Irish companies have been involved in takeovers worth nearly $85bn (€77bn) - far and away the biggest year for Irish M&A in history.
Data from ThomsonReuters shows that firms located in this country have taken part in deals worth some $84.7bn.
That puts 2015 well ahead of the $68bn done in 2014 and dwarfs the €21.7bn done at the peak of the Celtic Tiger in 2007.
During 2015 there were 392 deals involving Irish companies. The data is dominated by the pharmaceuticals industry, with a number of major deals involving companies that are domiciled here for tax purposes.
In the pharmaceuticals industry alone, five deals worth $47bn went through during the year. Those deals included Shire's blockbuster $33.7bn offer for Baxalta.
The pharma industry has seen a wave of takeovers worldwide as companies look to capitalise on tax advantages related to being based in Ireland.
Dublin-based Shire's deal for Baxalta was not a tax-based deal, known as an "inversion".
Instead, Shire is seeking to take control of Baxalta's drug portfolio which would give it haemophilia, immunology and cancer drugs. The takeover data however does not include arguable the biggest deal of all involving Irish firms in 2015.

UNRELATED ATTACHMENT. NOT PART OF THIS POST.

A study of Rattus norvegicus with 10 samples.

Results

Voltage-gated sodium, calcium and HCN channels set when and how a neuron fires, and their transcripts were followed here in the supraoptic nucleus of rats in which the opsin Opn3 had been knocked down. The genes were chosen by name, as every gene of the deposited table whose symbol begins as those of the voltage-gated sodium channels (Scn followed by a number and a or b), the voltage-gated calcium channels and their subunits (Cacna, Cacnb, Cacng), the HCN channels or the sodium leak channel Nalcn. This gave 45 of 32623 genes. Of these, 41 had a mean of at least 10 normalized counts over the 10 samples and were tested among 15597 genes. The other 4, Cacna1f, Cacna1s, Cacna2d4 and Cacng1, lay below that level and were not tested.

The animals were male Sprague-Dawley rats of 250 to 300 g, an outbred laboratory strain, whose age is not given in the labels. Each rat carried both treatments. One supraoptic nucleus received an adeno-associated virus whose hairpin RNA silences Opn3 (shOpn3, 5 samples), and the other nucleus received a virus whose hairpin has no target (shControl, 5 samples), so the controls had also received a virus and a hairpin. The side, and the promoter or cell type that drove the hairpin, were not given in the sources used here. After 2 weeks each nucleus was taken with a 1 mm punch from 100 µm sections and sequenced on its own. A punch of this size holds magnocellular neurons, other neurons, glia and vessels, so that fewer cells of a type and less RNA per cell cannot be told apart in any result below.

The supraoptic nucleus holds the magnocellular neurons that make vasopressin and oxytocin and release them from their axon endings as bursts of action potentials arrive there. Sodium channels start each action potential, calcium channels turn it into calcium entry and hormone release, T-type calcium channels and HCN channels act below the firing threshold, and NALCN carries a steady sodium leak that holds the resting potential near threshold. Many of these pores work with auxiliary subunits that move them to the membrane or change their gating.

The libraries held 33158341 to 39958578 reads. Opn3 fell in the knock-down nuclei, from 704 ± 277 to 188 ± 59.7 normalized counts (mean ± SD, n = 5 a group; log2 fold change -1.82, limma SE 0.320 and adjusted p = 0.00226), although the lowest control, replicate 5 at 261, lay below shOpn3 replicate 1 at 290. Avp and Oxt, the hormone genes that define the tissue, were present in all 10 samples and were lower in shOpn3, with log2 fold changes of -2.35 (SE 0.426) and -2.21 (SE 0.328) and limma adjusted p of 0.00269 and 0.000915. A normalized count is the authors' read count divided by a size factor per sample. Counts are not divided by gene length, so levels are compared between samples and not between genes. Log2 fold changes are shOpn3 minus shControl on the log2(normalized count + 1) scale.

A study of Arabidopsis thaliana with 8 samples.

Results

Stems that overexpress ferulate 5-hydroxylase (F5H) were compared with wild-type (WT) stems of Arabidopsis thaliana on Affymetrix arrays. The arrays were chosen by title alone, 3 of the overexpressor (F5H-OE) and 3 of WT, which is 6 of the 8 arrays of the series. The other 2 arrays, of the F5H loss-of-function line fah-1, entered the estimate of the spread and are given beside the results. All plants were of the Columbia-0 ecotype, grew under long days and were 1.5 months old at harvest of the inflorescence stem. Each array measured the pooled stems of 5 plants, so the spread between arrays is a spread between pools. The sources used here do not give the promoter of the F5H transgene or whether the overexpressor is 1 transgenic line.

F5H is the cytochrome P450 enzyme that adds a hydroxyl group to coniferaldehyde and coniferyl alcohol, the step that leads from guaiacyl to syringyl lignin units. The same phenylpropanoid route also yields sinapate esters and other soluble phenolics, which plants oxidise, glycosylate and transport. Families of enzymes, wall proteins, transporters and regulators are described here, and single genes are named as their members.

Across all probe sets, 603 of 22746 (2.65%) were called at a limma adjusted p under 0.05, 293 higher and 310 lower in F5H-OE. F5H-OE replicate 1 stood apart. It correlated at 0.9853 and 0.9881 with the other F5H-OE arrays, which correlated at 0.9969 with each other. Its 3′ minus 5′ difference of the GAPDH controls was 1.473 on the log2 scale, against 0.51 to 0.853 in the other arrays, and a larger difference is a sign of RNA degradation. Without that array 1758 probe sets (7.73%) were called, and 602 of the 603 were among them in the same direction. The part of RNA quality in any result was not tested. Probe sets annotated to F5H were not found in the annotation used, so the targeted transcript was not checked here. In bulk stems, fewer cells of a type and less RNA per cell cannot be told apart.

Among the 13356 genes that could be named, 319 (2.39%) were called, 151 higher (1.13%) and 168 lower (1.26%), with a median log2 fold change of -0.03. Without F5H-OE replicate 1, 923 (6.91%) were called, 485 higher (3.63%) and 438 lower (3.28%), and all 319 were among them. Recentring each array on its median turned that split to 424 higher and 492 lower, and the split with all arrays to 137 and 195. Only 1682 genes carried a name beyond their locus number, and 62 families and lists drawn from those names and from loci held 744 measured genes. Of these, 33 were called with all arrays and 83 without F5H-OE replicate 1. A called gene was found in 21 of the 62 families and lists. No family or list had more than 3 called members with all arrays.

Pfizer's merger with Dublin-located Allergan for $150bn is not classed as an "Irish" deal because Allergan's corporate headquarters is based in the US even though the company is domiciled in Ireland.
The major Irish law firms advised on 90 deals worth $32.8bn. A&L Goodbody led the group, advising on 24 deals worth $4.1bn, while William Fry was involved in 22. McCann FitzGerald had a seat at the table on 12 occasions, while Mason Hayes & Curran and Arthur Cox each took part in 11 deals. Matheson took part in 10.
In a sign of just how internationalised Irish business has become, some of the top law firms in the UK and US also advised in mergers and acquisitions here. The likes of Skadden, Davis Polk & Wardwell from New York, along with London's Freshfields Bruckhaus Deringer and Linklaters all feature prominently in Irish deals.
Big international finance firms also feature heavily as advisors to companies on takeovers.
Goldman Sachs took part in 14 mergers worth $59m. That puts it far ahead at the top of the list.
Goldman advised on deals across industries. The company is advising Baxalta on its takeover by Shire, and Betfair's on its merger with Paddy Power among others. Perhaps most notably it advised Aer Lingus when it was taken over by IAG.
It was not restricted to the target side of a takeover though. It had a seat at the table with Mallinckrodt when the bio-pharma firm bought out Ikaria for $2.3bn.
Bank of America, JP Morgan and Morgan Stanley between them took part in 30 deals valued cumulatively at $82bn. The data includes the full value of a deal for each advisor. That means that if two banks advised on a $10bn deal, the deal will is allocated to the two banks.
Davy and Goodbody only advised on three deals apiece, but those mergers were worth $6.5bn and $7.3bn in total.